The case of Archbishop Sheen is especially significant for our times
Recently the Catholic media has been buzzing with news of a miracle attributed to the intercession of Archbishop Fulton Sheen. I read it on the Alateia website and it was also reported elsewhere, including the Catholic Herald for 14 March. The miracle is extraordinary enough – the raising of a dead baby to life – and it has been authenticated by a seven-member team of medical experts at the Congregation for the Causes of Saints. It still has to be reviewed by a board of theologians, but if all the hurdles are crossed successfully Sheen would be elevated from being “Venerable” to “Blessed” – the same status as Blessed John Henry Newman. He would be on the road towards canonization.
The life of any holy person moving towards canonization is worth rejoicing over, but the case of Archbishop Sheen is especially significant for our times. We live in a world that is completely dominated by the media, so it is through the media that the authentic voice of the Church needs to be heard. Sheen understood this. Described by the Herald as “the 20th century’s most prominent Catholic televangelist”, he realised the power of the new medium of television as a tool for evangelisation before anyone else in the Church had come to grips with it. Through his TV series “Life is Worth Living” he achieved enormous influence, reaching millions of people, outside the Church as well as inside it. So I have been watching YouTube clips of his broadcasts, to try to understand his appeal.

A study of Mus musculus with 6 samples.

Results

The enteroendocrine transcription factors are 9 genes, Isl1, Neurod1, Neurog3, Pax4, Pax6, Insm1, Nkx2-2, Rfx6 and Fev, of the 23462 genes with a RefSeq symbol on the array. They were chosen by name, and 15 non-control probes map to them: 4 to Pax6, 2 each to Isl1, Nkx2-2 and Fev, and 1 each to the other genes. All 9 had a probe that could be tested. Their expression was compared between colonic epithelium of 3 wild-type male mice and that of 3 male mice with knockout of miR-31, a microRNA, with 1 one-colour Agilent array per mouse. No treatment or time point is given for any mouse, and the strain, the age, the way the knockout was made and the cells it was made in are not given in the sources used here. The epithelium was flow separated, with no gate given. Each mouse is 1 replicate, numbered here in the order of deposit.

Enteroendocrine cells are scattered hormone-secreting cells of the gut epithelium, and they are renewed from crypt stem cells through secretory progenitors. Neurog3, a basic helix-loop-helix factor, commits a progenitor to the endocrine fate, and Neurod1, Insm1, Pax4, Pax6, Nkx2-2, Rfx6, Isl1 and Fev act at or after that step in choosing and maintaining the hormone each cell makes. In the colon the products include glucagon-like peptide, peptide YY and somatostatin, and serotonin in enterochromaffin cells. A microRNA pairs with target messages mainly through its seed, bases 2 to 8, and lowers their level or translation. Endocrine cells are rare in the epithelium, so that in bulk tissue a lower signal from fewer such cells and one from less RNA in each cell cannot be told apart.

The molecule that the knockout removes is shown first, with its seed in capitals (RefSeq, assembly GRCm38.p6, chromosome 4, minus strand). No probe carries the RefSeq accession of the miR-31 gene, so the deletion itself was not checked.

Well, he was blessed with natural gifts: a commanding physical presence and aura as well as a clear and resonating voice. He was also an instinctive communicator, able to explain complex theological beliefs in a way that his audiences could understand. Like John Paul II he radiated confidence and conviction, and like the late pope (who had been an actor in his youth) he understood the importance of theatre in his presentations. Whether in the earlier black and white programmes or the later colour ones, he always wore the full clerical dress of his office which created its own impression of authority. He would sweep onto the “stage”, make a slight formal bow and then proceed to speak in his slow, clear, emphatic style. He was not afraid of long pauses and he had perfect timing for his jokes and stories, yet he never lost sight of the seriousness of what he was about. He kept millions of Americans glued to their screens every week. His only props were a blackboard and chalk, on which he sometimes wrote with a flourish, to emphasise a word or point.
It was a magnificent performance. But underneath the visual theatre it was Sheen’s solemn, and occasionally impassioned, explanation of belief that held people spellbound. It was not exactly “triumphalist” – but it was definitely the “Church triumphant”. Whatever Sheen was lecturing on he made the truths of the Faith sound profoundly and inevitably true and of the gravest importance to mankind, not just those within the Church. It certainly helped that he was living in a more docile and respectful age. I doubt he would have taken to the blogosphere. The frenetic pace, the constant barrage of opinions and the lack of charity would have appalled him.
Some people look back with nostalgia to his broadcasts but I think that is sentimentality. Sheen was a gift to the Church of his time and he used his gifts to the full. When I heard of the miracle of baby James Fulton Travis I thought, “If Sheen is beatified it will help people today recognise the need to pray to him, that we might have another Catholic communicator with similar gifts, but suited to the restless attention spans and lack of traditional cultural references of modern viewers.”